One of the biggest benefits of the VA loan program is that veterans who’ve hit a rough financial patch can still qualify for a mortgage. But lenders will need to take a closer look to ensure you can handle the responsibility of a monthly mortgage payment.
In these cases, you may hear a loan specialist say that your loan will need a “manual underwrite” or to be “manually underwritten.”
The first question in the minds of many prospective borrowers is: What exactly does that mean, and how does it differ from the standard underwriting process?
When veterans come to a lender their information is entered into what’s called an Automated Underwriting System, or AUS. This is basically a computer program that helps streamline the application process and let lenders know at the outset whether a borrower will meet credit and income requirements.
Loan applications that receive an AUS approval can allow lenders to proceed with less paperwork and fewer documentation needs.
But there are certain circumstances that can knock an application from AUS consideration, including:
A file that gets bounced from the automated system may be eligible for a manual underwrite. This means a real, live underwriter will have to crunch the numbers and evaluate the risk from Day One, rather than later in the process like normal. Your loan file is being underwritten manually, by hand, from the start.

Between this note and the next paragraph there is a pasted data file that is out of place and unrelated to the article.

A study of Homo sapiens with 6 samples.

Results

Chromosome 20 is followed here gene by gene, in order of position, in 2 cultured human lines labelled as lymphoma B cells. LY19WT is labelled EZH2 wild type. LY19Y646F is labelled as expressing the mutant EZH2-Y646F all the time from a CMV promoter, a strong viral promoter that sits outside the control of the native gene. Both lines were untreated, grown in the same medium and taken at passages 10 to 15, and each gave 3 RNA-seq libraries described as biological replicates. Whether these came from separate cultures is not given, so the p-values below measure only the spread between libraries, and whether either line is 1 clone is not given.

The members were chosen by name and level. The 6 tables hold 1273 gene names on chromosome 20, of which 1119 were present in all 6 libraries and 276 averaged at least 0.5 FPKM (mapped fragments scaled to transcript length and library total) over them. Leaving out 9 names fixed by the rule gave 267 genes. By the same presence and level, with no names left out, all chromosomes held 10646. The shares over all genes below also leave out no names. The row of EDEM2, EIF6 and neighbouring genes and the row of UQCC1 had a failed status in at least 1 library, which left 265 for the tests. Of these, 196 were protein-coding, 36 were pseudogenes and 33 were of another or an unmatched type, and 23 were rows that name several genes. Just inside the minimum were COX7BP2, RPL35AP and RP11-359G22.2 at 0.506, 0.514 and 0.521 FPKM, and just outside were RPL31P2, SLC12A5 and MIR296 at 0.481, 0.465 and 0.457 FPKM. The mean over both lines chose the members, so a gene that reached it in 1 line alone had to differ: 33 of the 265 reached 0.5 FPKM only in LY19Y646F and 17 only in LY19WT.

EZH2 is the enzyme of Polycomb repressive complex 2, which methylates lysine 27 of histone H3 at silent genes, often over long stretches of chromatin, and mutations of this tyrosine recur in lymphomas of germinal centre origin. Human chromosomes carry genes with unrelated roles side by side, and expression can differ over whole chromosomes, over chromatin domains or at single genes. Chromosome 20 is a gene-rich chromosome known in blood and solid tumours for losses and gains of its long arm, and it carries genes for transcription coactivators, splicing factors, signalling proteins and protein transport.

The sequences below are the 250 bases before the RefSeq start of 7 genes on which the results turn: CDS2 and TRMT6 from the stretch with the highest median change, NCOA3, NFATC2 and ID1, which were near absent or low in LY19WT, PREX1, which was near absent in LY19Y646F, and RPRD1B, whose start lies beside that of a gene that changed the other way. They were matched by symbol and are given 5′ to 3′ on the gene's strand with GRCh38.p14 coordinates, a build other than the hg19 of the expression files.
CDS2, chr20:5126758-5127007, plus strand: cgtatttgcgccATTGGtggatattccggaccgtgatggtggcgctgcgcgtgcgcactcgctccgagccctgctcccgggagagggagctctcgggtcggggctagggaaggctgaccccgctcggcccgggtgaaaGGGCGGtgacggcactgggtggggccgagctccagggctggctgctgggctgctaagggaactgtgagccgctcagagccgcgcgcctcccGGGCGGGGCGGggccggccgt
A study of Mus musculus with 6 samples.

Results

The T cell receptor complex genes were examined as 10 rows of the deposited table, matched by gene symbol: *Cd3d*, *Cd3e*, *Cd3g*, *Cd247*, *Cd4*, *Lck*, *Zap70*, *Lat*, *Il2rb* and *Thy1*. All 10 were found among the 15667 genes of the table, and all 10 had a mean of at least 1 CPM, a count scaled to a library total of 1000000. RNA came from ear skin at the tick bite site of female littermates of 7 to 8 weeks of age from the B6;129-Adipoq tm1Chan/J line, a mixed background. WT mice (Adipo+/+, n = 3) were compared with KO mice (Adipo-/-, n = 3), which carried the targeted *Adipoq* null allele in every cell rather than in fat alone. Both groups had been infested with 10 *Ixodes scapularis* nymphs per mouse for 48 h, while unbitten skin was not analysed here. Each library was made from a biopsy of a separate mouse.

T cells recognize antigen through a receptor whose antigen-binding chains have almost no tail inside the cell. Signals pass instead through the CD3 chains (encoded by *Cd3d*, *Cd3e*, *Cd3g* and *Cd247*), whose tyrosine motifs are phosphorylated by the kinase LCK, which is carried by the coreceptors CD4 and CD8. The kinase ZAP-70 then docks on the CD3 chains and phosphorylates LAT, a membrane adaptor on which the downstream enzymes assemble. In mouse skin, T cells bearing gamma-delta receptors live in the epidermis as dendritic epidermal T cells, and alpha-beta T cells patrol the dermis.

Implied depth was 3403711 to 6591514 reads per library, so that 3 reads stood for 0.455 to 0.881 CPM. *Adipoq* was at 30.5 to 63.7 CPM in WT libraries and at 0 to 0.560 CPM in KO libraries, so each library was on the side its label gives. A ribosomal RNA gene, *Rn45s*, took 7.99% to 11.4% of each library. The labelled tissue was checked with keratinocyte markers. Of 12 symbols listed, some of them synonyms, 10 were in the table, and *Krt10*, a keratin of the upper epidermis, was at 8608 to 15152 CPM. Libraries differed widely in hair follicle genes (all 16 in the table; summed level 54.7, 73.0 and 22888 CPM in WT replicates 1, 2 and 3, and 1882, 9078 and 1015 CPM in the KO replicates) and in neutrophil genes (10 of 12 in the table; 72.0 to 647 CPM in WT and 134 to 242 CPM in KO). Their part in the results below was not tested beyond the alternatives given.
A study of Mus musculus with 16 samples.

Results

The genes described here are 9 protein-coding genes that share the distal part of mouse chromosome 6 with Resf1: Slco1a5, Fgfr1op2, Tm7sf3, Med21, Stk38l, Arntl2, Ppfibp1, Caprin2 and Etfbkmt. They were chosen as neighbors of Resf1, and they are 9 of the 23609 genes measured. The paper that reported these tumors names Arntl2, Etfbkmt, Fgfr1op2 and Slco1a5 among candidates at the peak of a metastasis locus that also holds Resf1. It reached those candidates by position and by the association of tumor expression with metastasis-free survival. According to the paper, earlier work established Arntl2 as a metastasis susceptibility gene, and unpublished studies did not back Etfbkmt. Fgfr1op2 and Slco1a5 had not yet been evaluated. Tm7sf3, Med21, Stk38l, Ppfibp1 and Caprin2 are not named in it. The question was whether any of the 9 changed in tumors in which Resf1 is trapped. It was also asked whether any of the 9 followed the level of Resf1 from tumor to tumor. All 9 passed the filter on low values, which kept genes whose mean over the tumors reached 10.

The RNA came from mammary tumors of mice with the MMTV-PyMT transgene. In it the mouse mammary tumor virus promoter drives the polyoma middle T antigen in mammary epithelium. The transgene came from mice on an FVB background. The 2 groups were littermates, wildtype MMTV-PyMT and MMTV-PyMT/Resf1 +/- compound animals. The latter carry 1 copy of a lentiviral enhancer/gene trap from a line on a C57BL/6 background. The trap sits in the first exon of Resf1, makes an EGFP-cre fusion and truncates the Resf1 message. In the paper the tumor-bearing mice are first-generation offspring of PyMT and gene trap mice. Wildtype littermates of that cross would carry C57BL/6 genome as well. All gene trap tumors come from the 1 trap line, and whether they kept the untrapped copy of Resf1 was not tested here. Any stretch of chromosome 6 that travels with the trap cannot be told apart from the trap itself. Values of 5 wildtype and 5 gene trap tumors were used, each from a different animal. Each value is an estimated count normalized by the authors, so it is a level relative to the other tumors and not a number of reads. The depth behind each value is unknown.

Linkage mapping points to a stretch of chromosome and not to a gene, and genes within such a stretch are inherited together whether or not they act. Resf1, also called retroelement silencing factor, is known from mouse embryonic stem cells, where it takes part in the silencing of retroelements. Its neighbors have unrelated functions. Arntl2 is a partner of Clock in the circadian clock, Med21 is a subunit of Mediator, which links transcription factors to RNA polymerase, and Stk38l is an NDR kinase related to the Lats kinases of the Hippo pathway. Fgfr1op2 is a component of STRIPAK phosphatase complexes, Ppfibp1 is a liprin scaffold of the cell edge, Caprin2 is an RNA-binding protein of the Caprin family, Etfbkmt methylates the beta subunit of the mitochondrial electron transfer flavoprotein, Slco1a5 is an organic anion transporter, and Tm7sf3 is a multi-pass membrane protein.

Veterans facing a manual underwrite will likely need to meet tighter requirements when it comes to things like debt-to-income (DTI) ratio, derogatory credit, financial documentation and more.
For example, some lenders on an AUS file may be able to work with a DTI ratio up to 60 or 65 percent in certain cases. But on a manual underwrite that threshold isn’t likely to exceed 45 or 50 percent.
Lenders might also have restrictions regarding a borrower's ability to obtain an Energy Efficient Mortgage (EEM) on a manual underwrite.
They might also limit how much they’ll lend to borrowers whose loans require manual underwriting.
Guidelines and policies on manual underwriting can vary by lender.
On a manual underwrite you may also have to go an extra mile regarding your current living situation.
Veterans who aren’t currently homeowners might need what’s known as a Verification of Rent, or VOR, if they’re planning to purchase a home.
Lenders want to see that you’ve made on-time rent payments or that you have solid assets while living rent-free, which can lessen any “payment shock” that can come with suddenly having a monthly mortgage payment.
There are all kinds of rent and living scenarios. You may need bank records, cancelled checks, a letter of explanation and more to satisfy VA lenders.
Manual underwriting can make the loan process a bit more involved for military borrowers. But it also represents a safety net of sorts.
Veterans who’ve been hit by tough financial or credit events can still secure a VA home loan.
Yes, there may be a few more steps or additional layers of scrutiny — but there’s also a sense of hope that might not otherwise be there.